All’s Fair in State Fairs
exhibiting for those surly judges at the Northern Wisconsin State Fair
Every year I enter exhibits at the Northern Wisconsin State Fair. It costs $11 to enter as many as you choose. In return, you can earn as much as $2.75 if your exhibit places first. Bonus! Plus you receive two free fair entrance tickets just for exhibiting. If your exhibits place in a few categories, you can get into the fair free!
Among the exhibit categories is Antiques, which seems spurious to me. How do you judge an antique? “You did a fabulous job finding this vase!” All the other categories require some skill on the part of the person entering. My category is Home Furnishings, mostly Counted Cross Stitch. I usually work on linen with specialty stitches.
Since there aren’t many people doing cross stitch, and working it on linen, and entering it in the fair, I can usually expect to get a ribbon for every entry. A few years ago I started receiving critical notes returned on the entry tags, always in the same handwriting. For example, I entered a pillow. It took a year to stitch. It was the only entry in its category. It got a Red Ribbon – second place. The note said, “would look better as a framed picture.”
This year I resolved to do my very best at framing and entered one picture in each of three different linen categories – a 9-by-14 Spring Angel, an 8-by-12 Graduation Sampler (in beautiful specialty stitches), and a 4-by-5 Hollie Hobby picture. I also attended the judging. I was the only exhibiter there.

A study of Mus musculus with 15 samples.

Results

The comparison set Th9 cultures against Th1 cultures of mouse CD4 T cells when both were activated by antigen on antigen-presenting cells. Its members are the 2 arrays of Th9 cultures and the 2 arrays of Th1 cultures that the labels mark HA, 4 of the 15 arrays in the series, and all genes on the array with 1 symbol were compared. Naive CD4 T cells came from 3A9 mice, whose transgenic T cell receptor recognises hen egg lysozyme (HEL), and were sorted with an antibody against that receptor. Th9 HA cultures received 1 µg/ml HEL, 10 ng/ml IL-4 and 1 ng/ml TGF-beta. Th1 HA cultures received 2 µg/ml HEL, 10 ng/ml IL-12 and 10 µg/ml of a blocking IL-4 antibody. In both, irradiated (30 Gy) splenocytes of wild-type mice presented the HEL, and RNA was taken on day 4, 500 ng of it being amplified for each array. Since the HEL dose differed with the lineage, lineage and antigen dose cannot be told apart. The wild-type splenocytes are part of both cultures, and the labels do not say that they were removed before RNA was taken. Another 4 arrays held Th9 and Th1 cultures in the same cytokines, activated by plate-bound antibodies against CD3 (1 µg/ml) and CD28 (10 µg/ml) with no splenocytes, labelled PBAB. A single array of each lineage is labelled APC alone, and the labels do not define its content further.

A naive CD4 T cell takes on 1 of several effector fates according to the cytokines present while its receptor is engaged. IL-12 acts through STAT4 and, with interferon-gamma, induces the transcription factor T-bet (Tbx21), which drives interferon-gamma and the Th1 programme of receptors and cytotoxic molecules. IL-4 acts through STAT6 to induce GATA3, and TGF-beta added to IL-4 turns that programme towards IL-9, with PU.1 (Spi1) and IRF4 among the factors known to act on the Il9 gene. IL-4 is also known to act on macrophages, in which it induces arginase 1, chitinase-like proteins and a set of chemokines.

This is how I had pictured the judging: two or three needlework experts (genteel older ladies). They would discuss each piece’s assets and shortcomings, peering over bifocal glasses. Magnifying glasses might be employed! Polite disagreements might develop! In reality, there was exactly one judge, who spent more time chatting with the fair workers about her cabin than she did judging the pieces.
In the three linen categories there were my three pieces and one entry by someone else. My first piece came up. The Angel. I had attached a small bow tie to it. A cute embellishment. The judge starts pulling it out! She mutters about “this thing that’s stuck to the piece.” I didn’t say anything at first. There was a sign sternly stating “Do Not Ask the Judges Questions!” After a few awkward moments, I stepped up and said it was supposed to be there, to which she says she doesn’t like things stuck to the pieces like that. She gives it a red ribbon.